Tuesday, 13 February 2007

Interactive whiteboards may not improve learning

Technology is a great thing but we always need to ask has it made difference in learning? A number of schools in my cluster, have purchased interactive whiteboards with the goal of enhancing teaching and learning.

From some of the whiteboard sessions I've seen, students are engaged, kids can move things around the boards easily and the visuals are stimulating. However some teachers are concerned that the interactive capability of the boards are used fully and that they don't become glorified, expensive data projectors.

A recent UK study commissioned by the English Department of Education found that computerised whiteboards failed to boost student achievement.

I came across a report of the report in a BBC News item, "Doubts over hi-tech whiteboards".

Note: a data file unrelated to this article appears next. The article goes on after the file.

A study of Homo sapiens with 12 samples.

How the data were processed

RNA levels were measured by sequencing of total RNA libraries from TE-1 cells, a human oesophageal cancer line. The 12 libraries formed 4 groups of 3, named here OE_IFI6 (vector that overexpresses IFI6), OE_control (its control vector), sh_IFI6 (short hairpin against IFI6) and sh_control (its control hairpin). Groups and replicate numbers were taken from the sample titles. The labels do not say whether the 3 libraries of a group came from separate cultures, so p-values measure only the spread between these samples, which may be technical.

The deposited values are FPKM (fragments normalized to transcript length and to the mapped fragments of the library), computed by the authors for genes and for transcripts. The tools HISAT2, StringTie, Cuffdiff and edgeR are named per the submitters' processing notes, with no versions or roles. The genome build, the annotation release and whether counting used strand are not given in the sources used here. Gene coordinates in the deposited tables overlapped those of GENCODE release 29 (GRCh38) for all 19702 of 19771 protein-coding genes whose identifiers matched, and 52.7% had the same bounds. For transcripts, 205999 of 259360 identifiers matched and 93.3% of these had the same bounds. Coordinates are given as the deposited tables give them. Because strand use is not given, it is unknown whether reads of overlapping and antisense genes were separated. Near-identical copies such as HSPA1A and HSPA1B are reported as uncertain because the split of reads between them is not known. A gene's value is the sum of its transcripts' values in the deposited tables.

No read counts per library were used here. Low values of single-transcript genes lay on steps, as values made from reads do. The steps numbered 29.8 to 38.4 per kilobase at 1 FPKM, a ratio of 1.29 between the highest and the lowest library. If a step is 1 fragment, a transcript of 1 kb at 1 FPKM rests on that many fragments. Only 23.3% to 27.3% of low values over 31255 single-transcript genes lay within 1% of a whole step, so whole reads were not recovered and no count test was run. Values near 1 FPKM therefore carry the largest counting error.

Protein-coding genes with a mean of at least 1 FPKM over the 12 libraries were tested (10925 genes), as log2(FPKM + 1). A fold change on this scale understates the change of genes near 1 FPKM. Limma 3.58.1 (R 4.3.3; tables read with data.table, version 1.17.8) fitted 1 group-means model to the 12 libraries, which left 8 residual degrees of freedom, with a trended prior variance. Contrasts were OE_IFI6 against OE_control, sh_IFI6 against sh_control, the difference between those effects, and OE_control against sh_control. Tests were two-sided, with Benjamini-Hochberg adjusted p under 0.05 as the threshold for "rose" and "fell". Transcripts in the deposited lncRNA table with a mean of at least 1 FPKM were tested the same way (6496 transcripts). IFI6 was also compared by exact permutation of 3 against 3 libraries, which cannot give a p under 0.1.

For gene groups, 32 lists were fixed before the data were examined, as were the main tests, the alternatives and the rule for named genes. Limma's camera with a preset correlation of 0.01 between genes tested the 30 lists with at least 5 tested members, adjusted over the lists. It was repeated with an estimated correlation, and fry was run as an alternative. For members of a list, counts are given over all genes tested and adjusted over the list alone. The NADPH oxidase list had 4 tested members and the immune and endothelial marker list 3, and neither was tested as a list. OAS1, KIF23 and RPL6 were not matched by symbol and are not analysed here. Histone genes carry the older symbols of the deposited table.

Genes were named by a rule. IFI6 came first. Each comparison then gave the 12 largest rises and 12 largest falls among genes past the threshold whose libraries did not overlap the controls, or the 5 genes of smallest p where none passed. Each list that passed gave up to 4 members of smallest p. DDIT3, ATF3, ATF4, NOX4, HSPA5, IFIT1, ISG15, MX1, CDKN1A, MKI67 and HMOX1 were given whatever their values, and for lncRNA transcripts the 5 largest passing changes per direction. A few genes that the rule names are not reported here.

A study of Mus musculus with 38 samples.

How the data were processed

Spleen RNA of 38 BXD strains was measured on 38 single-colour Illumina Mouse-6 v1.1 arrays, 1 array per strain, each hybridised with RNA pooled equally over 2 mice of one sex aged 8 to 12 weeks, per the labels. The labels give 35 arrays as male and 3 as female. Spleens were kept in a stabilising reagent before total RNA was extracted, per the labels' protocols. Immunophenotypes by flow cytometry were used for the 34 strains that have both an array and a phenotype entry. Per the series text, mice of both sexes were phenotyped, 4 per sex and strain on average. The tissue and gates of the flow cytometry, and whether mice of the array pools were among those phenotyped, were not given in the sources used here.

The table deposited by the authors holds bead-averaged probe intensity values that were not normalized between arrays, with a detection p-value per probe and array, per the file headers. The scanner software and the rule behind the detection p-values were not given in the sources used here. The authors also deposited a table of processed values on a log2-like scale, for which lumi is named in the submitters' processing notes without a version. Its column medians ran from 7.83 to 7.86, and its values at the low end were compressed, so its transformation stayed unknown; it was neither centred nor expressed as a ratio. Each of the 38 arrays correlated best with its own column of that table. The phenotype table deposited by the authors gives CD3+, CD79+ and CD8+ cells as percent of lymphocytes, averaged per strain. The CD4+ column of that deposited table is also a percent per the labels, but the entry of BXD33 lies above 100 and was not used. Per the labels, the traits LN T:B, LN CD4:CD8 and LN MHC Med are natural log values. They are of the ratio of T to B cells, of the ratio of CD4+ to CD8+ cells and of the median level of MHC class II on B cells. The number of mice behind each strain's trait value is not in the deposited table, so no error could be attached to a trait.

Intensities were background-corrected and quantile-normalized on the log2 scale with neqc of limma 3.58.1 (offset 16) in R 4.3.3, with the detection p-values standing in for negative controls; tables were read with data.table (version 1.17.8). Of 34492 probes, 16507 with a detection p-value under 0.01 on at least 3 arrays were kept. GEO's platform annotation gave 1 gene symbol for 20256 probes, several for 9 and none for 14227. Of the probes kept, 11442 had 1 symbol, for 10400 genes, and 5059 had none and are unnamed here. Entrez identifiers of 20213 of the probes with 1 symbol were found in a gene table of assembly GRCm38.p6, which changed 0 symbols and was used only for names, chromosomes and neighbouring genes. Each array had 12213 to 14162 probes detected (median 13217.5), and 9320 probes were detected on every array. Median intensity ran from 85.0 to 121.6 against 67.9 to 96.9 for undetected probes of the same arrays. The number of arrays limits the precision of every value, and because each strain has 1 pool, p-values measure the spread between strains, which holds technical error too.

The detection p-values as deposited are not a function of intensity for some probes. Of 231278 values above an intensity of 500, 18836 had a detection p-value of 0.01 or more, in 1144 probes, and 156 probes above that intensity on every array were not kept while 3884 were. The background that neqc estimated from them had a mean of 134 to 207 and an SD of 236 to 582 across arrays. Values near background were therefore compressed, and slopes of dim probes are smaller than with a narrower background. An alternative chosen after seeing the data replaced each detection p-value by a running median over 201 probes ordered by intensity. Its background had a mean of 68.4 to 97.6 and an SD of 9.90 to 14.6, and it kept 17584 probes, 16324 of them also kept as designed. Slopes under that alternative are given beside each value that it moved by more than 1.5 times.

The study group visited schools only a year after a government project introduced the boards. "Interactive whiteboards can even slow the pace of learning," and result in "relatively mundane activities being overvalued", the Institute of Educatiion study suggested.

Another finding was that "although the newness of the technology was initially welcomed by the pupils, any boost in motivation seemed short lived".

A crucial statement is that "when the use of the technological tools took precedence over a clear understanding of their purpose for teaching, IWBs were not used in way that could enhance learning," it said.

Does this apply to the use of weblogs in the classroom?